I would agree with Tom that they act more like serials -- Wiki's on the other hand fit more of the integrated resources idea because they are or can be continually updated. But I have to ask, why on earth would you catalog a blog (or a wiki) in the first place? Would library patrons really look in the catalog for a blog? And then there is the whole idea of tagging vs. subject headings...

Jonathan Rochkind

I don't know if "blog" is a useful category here. What do you mean by "blog" exactly?

Don't answer that. Instead, answer this question:
Are _some_ electronic resources serials? Including some which have no physically printed counterparts? If so, what makes them serials, instead of integrating resources? How do you tell the difference between a website that's a serial and a website that's an integrating resource?

If this can be answered in a clear way, then the answer to that can be applied to blogs. And I would guess that some electronic resources (ie, 'websites') called 'blog' by some people will probably meet your definition of serial. Others may or may not.

If I put a volume and issue number on each of my blog posts, does that make it a serial? If the editors of Librarians Arguing Quarterly decide to make every article in every issue of their journal available online for free, and choose to use the free service provided by blogspot.com to do so -- would that somehow make it no longer a serial because of the software they chose to use to publish it? That obviously wouldn't make any sense.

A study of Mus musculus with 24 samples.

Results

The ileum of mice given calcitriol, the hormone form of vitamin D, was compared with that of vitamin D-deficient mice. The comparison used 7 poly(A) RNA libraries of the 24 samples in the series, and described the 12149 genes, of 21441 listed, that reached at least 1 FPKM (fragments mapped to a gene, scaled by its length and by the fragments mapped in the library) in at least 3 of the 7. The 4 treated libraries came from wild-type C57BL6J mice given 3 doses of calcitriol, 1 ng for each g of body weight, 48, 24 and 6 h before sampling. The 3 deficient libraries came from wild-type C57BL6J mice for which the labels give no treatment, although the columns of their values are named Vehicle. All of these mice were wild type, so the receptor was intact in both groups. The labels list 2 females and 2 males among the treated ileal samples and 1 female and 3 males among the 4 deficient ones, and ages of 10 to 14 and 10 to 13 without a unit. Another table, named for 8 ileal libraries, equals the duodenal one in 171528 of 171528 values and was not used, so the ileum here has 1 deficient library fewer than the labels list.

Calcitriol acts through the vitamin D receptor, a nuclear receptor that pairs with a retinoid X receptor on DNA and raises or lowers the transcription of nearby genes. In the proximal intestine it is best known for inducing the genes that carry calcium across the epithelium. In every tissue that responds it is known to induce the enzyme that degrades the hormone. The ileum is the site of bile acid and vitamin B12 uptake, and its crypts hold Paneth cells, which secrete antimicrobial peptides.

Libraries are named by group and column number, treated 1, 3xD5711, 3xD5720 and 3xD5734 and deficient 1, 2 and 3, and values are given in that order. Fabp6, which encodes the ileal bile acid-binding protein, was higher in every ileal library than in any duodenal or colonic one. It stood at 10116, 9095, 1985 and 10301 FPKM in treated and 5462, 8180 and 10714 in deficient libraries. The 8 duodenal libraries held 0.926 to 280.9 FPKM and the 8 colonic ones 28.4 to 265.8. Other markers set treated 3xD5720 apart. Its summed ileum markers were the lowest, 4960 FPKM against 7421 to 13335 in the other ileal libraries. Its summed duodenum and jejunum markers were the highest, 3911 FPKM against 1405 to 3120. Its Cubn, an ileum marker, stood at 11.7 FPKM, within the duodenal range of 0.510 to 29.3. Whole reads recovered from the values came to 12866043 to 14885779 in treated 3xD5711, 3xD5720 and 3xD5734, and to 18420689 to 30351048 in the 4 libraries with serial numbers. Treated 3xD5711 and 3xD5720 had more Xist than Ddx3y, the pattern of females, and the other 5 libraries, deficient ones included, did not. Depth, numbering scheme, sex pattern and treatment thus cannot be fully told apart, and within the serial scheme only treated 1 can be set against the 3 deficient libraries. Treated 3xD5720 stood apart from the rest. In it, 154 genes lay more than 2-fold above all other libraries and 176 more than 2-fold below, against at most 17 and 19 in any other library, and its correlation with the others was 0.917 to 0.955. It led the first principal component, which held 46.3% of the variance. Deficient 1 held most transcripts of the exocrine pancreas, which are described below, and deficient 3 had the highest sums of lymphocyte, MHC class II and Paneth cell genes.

Christine Schwartz

Thanks for these comments. In my haste to get this post out, I didn't think this through very well. Mea culpa. The more I think about it--weblog posts really do remain discrete issues or parts. They have permalinks, a unique URL assigned to each post. Also, while not common, I've cataloged a serial that had chronology but no numbering designation; and blog posts do have chronology. So, maybe blogs are a type of electronic serial, albeit, an ephemeral one in some cases.


I'm glad I read the comments :) I was going to say that I think that blogs can very well be considered serials. I also wanted to point out this resource: ISSN for Weblogs - http://fawny.org/issn/?issn.


Also, there is the IBSN (not a typo): http://ibsn.org/. I'm not sure how serious an enterprise this is, especially given the way you can make up a number, which just has to be 10 digits and have three hyphens somewhere in it, e.g. 7576-02-07-04 (mine, based on significant years). It's easy to register.